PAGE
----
Posted on from Changeboard

Changeboard's roundtable in association with IBM put analytics and employee engagement under the spotlight.

While organisations have a grasp of employee engagement, they are eager to look beyond the annual engagement survey and measure employee views more frequently. But do businesses have the right capabilities within HR to analyse the data from employee feedback and translate this into strategic action? This was the theme of the latest roundtable discussion for HR leaders, held under Chatham House rule, in association with IBM.

For Patrick Gilbert, organisational research and advanced analytics consultant at IBM, organisations that are doing a great job with big data are rare because they are not hiring data scientists or
analysts. “Businesses need to hire people who can interpret data that management can accept and take action on,” he told the group.

For Gilbert, an essential requirement of the HR director is talking the language of the finance director. “With advanced analytics, it is easier for you to link organisational performance and subsequently establish ROI,” he said.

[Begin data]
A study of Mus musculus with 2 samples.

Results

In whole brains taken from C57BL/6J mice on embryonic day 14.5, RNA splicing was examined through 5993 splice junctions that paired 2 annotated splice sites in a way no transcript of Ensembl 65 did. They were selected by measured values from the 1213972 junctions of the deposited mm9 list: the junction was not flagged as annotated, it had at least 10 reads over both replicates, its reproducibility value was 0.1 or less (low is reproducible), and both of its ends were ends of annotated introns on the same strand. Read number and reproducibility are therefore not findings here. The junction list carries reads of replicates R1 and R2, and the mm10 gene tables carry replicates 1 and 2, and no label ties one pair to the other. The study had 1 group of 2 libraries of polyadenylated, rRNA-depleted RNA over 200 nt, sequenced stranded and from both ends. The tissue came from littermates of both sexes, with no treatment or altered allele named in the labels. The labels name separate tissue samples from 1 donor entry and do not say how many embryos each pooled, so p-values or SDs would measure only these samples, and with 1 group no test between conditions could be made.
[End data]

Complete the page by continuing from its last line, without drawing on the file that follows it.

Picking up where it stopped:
But most organisations are at the beginning of their analytics journey. The group agreed that HR teams can often be siloed in terms of skillsets, with teams unsure which questions to ask. “We have increased engagement but it’s difficult to see how that has affected the rest of the business,” said one delegate, adding that embarking on a successful analytics journey involves a mindset change, away from seeing HR as a cost centre towards seeing it as a profit centre.

“You can throw technology at it but if you don’t have the skills in the team, it can be problematic,” added another attendee. “Do organisations trust HR to manage this sort of data?” Gilbert emphasised the importance of the human element in data and analytics. He acknowledged that data is not there to replace human interaction, but rather to tell stories – by predicting behaviour such as staff turnover, for example. “Any of us can ask questions but unless they help us solve a problem, they are useless. But numbers give leadership an effective way of discussing the issues,” he added.